This post was written by Jack Borer, a MPGE Senior. He was a part of the team that traveled to Alberta to compete in the Alberta Energy Challenge. Below is a summary of his experiences.
Landon Wright, Najia Bilala, Ishank Gupta and I were given the opportunity by the University of Oklahoma’s MPGE to participate in the Alberta Energy Challenge (AEC). The AEC turned out to be one of the most interesting, dynamic, and formative moments of my undergraduate career. I consider being selected to represent OU at the AEC a great honor and would like to express my gratitude to all the MPGE and AEC members who made this opportunity available to us.
The AEC is a case competition that takes place over five days in the city of Edmonton, which is in the heart of the “Texas of the North”, Alberta. A case competition is a timed challenge during which two or more teams develop a solution to solve a business or policy problem that society faces. I will talk about the trip we made to an oil sands operation and then the case competition challenge itself.
On our second day in Edmonton, we woke up at 5:00 AM to get on a bus headed for the heart of Alberta’s industrial economy: the Athabasca oil sands. The oil sands are a vast natural resource covering an area greater than England in northern Alberta. Over 170 billion barrels of gooey bitumen are locked in permeable and porous unconsolidated sands at depths ranging from one meter to several hundred meters below surface. In the states, we most often associate oil sands with open-pit mines teeming with 400-ton dump trucks and power shovels the size of a large house. In Alberta, however, most of the oil sands, roughly 80%, are too deep to be accessible by strip mining. Remaining deep reserves are produced in-situ with the steam assisted gravity drainage (SAGD) process. MEG Energy’s Christina Lake project is one such in-situ SAGD development. After a five-hour bus ride through endless tracts of boreal forest and featureless muskeg we arrived at MEG’s Christina Lake site. As we stepped off the bus and sauntered into the field office for the site safety orientation, I was expecting to see a rough and tumble crew wearing dirty coveralls and mud-covered boots. Much to my surprise, as I entered the office I was met with a big smile and instructions to take my shoes off. The inside of the building was immaculately clean, well-organized, and had a delicious (and might I say) well deserved lunch waiting for us. After receiving a briefing on safety protocol, environmental responsibility, and the SAGD process, we were issued PPE and sent on our way to tour the site. Never in my life have I ever seen a more impressive facility. The wellheads were spotless, roads were clean and well kept, production and pipeline facilities were all in perfect working order and the employees had smiles on their faces. Producing over 80,000 BOPD is no small task and being able to be in the middle of the operation, at the heart of the Albertan economy, was a humbling experience. Standing in the warm glow of a steam injection well while learning about one of the world’s greatest industries on a cold and rainy 2°C day in the middle of the Athabasca oil sands is an experience that I will never forget.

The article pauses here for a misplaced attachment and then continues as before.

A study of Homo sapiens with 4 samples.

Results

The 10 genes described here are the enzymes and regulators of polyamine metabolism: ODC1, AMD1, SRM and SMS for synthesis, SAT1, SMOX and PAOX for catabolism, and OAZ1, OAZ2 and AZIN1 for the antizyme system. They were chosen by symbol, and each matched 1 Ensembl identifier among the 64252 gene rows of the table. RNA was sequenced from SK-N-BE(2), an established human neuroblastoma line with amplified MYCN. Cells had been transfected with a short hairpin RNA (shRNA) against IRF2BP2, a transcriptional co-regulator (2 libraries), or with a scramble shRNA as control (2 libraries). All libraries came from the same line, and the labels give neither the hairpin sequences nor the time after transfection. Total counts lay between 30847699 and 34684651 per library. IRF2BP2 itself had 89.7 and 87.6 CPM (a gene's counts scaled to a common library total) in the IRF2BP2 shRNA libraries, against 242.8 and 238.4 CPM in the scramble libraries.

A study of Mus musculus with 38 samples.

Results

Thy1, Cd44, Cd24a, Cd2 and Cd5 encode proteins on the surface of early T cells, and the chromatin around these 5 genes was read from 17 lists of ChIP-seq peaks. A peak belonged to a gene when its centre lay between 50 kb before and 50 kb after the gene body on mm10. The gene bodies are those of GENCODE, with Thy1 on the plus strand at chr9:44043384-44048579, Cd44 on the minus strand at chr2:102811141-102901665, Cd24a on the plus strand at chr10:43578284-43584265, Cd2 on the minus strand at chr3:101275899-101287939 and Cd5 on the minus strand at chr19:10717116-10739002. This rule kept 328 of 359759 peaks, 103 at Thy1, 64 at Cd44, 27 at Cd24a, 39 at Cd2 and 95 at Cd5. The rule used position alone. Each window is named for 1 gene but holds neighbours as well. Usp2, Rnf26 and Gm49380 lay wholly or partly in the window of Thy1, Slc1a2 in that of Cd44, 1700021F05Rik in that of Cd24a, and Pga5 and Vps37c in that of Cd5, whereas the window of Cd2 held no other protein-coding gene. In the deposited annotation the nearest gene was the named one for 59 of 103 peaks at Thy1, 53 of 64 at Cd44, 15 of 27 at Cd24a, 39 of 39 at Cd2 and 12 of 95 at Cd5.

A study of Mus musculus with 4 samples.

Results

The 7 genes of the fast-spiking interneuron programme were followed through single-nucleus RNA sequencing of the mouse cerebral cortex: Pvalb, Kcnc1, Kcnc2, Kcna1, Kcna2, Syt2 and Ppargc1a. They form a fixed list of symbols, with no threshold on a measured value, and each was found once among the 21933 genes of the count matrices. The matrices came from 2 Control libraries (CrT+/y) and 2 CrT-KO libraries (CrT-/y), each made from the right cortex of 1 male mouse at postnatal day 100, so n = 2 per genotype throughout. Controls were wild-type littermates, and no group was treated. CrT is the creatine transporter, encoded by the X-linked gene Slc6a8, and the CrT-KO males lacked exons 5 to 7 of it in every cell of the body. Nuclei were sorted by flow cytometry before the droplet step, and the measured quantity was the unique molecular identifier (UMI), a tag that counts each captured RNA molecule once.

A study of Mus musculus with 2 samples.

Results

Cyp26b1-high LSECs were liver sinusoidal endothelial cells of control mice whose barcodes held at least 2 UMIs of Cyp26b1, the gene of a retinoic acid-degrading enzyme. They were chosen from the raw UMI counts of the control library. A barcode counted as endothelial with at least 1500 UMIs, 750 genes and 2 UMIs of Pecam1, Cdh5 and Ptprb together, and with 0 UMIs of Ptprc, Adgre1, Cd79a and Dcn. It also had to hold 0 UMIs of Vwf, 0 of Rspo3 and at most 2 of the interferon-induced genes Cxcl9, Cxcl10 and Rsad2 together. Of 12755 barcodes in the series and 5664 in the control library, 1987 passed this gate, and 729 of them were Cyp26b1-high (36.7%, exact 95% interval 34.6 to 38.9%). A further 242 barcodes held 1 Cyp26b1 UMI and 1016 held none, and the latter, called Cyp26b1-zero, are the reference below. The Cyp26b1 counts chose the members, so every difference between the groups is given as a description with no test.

We started our third day at the University of Alberta’s campus in the heart of Edmonton. Over the course of three hours, we heard four speakers discuss the Albertan regulatory framework, legal system and attitude towards the oil and gas industry. After this helpful briefing, we were ready to start working on our challenge. Our task was to propose a solution for the province’s growing
problem of orphan wells. An orphan is a well that has no legally responsible and/or financially able party to deal with its abandonment and reclamation responsibilities. Due to the current low commodity price environment and recent regulatory changes, Alberta has experienced a huge influx of orphan wells. Over course of 48 hours, all nine teams formulated a strategy to reduce the number of orphan wells. Then, each team presented their solution to a panel of judges from the Albertan energy industry and regulatory bodies including the Alberta Energy Regulator. The Canadian home teams, including University of Alberta, MacEwan University and University of Saskatchewan took first, second, and third, respectively.
The AEC is a once-in-a-lifetime experience. Every single day was filled with new and exciting events that showed us what a wonderful place the “Texas of the North” really is.